Research Papers:

Vasculogenic mimicry in hepatocellular carcinoma contributes to portal vein invasion

Chen Jue, Wu Zhifeng, Zhang Zhisheng, Cui Lin, Qian Yayun, Jin Feng, Gu Hao, Ishikawa Shintaro, Tadashi Hisamitsu, Guo Shiyu and Liu Yanqing _



1Institution of Integrated Traditional Chinese and Western Medicine, Medical College, Yangzhou University, Yangzhou, Jiangsu, China

2Department of Oncology, The Second People’s Hospital of Taizhou Affiliated to Yangzhou University, Taizhou, Jiangsu, China

3Department of Physiology, School of Medicine, Showa University, Tokyo, Japan

4Department of Oncology, Zhongshan Hospital Affiliated to Fudan University, Shanghai, China

*These authors have contributed equally to this work

Correspondence to:

Liu Yanqing, email: [email protected]

Keywords: hepatocellular carcinoma (HCC), vasculogenic mimicry (VM), portal vein invasion (PVI), Notch1

Received: August 31, 2016     Accepted: October 12, 2016     Published: October 25, 2016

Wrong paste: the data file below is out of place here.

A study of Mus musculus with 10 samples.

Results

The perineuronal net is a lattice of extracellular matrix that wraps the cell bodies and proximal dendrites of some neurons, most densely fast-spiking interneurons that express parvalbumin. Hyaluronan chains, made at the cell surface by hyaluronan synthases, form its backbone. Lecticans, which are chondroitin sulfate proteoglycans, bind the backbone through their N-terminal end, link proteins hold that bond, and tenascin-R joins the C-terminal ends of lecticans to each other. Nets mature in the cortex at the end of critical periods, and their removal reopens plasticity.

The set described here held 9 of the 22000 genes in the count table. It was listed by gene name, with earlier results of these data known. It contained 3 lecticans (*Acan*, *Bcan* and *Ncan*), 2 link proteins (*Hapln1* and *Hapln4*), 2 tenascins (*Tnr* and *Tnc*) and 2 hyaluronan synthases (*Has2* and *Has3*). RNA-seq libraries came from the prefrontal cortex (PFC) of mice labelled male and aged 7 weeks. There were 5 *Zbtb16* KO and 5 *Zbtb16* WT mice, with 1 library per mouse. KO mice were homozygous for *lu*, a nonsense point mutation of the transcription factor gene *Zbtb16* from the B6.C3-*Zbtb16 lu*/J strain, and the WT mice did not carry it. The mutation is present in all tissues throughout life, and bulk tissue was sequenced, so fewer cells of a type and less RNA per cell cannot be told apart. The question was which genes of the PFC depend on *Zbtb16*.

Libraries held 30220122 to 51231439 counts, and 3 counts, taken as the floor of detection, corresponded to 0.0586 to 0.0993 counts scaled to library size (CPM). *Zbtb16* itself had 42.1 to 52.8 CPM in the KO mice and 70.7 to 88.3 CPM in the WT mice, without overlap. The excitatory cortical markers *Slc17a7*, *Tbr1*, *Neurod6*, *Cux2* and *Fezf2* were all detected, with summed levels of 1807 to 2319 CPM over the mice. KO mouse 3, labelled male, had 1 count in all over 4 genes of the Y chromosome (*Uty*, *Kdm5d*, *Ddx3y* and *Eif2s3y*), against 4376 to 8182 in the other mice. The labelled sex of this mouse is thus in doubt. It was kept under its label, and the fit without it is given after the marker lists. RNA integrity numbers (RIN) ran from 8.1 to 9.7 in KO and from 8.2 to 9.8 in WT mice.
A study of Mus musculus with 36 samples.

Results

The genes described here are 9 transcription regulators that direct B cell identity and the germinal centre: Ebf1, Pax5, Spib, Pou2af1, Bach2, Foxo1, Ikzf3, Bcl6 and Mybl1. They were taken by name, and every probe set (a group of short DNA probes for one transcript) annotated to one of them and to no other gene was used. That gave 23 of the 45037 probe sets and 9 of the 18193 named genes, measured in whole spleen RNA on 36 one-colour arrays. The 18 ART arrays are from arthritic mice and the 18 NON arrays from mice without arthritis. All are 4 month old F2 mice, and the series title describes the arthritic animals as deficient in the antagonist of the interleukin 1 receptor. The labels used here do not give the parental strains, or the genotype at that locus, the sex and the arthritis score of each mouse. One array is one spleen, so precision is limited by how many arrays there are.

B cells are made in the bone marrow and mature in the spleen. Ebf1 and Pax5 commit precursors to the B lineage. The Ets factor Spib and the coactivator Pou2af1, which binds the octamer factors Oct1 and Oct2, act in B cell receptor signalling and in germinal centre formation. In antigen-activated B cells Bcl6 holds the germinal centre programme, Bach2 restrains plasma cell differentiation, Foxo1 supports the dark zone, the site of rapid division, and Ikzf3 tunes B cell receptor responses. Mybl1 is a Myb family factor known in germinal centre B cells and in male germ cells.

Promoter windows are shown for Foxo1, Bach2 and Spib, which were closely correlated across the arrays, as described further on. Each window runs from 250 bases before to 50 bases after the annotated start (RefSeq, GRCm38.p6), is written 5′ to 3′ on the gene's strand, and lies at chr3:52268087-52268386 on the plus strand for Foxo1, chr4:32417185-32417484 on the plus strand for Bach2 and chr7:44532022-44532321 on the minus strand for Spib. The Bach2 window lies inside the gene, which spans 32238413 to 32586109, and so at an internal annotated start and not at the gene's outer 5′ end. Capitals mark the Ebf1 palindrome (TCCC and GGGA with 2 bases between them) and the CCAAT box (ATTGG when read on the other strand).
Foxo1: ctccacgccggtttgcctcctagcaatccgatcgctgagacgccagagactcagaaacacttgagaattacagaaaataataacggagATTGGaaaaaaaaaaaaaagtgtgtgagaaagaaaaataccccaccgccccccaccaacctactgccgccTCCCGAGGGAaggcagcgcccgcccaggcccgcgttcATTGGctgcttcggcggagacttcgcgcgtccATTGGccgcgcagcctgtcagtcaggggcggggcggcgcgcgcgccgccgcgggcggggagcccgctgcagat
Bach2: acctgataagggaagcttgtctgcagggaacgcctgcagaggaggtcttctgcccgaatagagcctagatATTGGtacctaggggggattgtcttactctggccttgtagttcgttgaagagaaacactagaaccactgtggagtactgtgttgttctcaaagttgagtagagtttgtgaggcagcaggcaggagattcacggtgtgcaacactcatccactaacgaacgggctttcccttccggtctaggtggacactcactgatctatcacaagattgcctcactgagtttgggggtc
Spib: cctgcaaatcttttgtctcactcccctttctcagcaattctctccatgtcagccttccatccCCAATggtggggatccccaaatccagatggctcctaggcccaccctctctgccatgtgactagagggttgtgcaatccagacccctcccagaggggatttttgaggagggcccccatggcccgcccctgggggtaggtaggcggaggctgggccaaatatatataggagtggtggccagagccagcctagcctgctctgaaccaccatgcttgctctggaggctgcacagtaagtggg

Portal vein invasion (PVI) is common in hepatocellular carcinoma (HCC) and largely contributes to tumor recurrence after radical tumor resection or liver transplantation. Vasculogenic mimicry (VM) was an independent vascular system lined with tumor cells and associated with poor prognosis of HCC. The present study was conducted to evaluate the relationship between VM and portal vein invasion. A total of 44 HCC cases receiving anatomic liver resection were included in the study and were divided into groups with and without PVI. The prevalence of VM in each group was examined by CD34-PAS dual staining. The regulatory molecules of VM formation such as Notch1, Vimentin and matrix metalloproteinases (MMPs) were investigated by immunohistochemical staining. Analysis was performed to explore the association of PVI, VM and the VM regulatory molecules. PVI was found in 40.91% (18/44) cases and VM was found in 38.64% (17/44) cases in total samples. The incidence of VM was 72.22% (13/18) in PVI group while it was 15.38% (4/26) in non-PVI group (P<0.001), VM formation was positively correlated with PVI (r=0.574, P<0.001). The VM forming regulatory molecules such as Notch1, Vimentin, MMP-2 and MMP-9 were found to be correlated with PVI in HCC patients. Taken together, our results suggested that VM formation, alone with its regulatory molecules, is the promoting factor of PVI in hepatocellular carcinoma.